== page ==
Transformed into a silhouette, its beak open, the bird on the edge of the Grand Canyon seems more symbol than living creature: something we’ll each interpret under influences as consistent as temperament and experience or as fleeting as a mood. Long time followers may recognise a similar, more uplifting shot, taken nearby.
Coming across the picture and the short poem, Requiem by Kurt Vonnegut, in quick succession, it seemed fitting to put them together here, today.
One of my University tutors, Philip Davis, passed on a tip that still instructs my reading: “Look for a long time at any word that puzzles you…”. And something puzzles me in this poem. Not the climate change part, sadly. I have no doubts about that. The meaning hangs on the final irony – of course we like it here. Broadly speaking. In the absence of alternative places to live.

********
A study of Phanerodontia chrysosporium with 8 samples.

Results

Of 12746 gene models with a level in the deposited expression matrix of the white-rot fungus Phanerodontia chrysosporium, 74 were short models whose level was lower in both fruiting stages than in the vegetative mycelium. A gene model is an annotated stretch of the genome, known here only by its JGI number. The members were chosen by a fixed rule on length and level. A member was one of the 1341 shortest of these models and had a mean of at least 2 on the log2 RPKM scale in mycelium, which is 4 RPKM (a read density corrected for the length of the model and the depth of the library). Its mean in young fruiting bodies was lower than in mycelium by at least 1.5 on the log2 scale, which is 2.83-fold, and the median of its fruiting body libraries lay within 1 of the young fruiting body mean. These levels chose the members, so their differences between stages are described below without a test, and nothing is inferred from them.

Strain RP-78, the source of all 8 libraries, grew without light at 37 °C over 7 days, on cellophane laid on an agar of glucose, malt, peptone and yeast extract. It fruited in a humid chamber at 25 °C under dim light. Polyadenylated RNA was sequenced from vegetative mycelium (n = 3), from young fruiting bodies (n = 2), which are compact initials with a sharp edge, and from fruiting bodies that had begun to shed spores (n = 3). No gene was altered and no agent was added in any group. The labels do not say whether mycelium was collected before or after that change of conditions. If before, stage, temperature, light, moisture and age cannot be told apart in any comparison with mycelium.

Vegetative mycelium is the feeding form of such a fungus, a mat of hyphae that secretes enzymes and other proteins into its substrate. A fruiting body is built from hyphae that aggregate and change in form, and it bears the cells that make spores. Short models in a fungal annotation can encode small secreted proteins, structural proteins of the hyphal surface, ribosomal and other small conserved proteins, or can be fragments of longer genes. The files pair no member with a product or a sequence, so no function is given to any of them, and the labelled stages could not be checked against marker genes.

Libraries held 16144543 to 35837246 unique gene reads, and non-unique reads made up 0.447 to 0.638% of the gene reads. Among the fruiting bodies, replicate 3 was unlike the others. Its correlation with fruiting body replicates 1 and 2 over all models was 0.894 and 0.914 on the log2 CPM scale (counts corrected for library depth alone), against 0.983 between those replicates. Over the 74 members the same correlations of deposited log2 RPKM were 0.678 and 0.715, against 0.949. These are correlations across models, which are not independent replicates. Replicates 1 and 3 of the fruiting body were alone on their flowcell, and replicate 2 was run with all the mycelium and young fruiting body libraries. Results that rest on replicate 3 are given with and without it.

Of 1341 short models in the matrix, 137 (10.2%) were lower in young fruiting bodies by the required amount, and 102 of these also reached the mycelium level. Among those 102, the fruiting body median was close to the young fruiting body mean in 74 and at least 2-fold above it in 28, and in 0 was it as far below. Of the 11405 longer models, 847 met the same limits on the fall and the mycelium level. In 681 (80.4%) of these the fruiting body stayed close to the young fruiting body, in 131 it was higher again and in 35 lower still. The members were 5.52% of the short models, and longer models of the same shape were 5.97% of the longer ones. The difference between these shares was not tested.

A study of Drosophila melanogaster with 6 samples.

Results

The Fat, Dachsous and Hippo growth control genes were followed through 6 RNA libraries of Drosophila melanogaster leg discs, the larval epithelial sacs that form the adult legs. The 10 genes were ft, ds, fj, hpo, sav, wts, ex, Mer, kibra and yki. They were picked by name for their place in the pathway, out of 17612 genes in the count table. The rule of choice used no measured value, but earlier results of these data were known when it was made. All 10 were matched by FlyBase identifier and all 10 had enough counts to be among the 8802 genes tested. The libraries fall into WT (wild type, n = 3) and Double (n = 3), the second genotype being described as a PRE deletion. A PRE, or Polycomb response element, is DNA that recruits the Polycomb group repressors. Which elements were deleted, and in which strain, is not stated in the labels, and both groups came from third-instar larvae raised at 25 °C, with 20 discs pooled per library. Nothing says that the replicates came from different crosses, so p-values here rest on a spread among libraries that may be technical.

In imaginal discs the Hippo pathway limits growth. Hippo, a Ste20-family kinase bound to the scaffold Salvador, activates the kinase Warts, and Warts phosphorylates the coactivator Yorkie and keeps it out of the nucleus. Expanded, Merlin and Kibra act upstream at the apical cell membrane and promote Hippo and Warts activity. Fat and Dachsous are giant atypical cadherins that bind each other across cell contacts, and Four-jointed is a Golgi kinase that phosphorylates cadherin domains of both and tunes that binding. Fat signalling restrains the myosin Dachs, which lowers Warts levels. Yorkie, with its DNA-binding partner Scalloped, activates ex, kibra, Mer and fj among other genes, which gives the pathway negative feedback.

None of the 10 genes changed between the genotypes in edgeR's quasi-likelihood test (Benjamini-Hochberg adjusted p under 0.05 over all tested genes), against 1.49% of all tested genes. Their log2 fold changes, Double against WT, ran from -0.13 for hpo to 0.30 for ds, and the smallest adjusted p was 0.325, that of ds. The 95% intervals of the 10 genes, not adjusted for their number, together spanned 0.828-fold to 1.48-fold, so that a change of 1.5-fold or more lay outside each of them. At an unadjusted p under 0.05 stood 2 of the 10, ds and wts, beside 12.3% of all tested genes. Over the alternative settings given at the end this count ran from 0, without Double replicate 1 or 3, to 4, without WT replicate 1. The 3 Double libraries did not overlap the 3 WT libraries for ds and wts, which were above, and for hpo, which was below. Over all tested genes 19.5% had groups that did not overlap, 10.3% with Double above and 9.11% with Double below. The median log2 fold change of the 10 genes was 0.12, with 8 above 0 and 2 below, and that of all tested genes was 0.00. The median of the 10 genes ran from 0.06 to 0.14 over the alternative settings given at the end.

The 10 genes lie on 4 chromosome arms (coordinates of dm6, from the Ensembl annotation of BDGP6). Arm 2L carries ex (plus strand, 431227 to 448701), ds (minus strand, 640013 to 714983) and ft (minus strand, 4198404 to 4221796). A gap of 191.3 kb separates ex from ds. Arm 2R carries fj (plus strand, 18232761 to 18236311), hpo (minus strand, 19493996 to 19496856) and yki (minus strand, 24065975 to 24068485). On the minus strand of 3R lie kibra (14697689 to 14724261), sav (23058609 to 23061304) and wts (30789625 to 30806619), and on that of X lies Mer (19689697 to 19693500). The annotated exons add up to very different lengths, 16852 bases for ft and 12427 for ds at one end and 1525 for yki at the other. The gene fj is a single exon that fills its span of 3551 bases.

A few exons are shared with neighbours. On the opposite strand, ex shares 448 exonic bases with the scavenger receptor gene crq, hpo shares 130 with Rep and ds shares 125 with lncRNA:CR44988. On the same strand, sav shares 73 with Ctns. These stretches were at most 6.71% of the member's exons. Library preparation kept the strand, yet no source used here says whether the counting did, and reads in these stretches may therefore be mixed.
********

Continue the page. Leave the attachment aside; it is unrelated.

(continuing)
It’s even less than a word – a tiny grammatical detail – that derails my understanding. Why isn’t the last line within the speech marks? If Earth is no longer speaking, the statement hangs more awkwardly. That’s where the old teaching kicks in and a scene plays out in my imagination:
Earlier me: “It seems like it’s a mistake. I’ll search to see if I can find another version with the speech mark in the right place”.
Imaginary Philip Davis: “You can’t assume the poet picked his words by mistake or that the text is wrong. Poets pay attention to words. They include or omit punctuation with precision. You’re missing something”.
I’m willing to concede I may be missing something – a nuance, perhaps, as the thrust of the poem hits as the poet intended. At least it’s only a possibly misplaced speech mark, not the end of the world.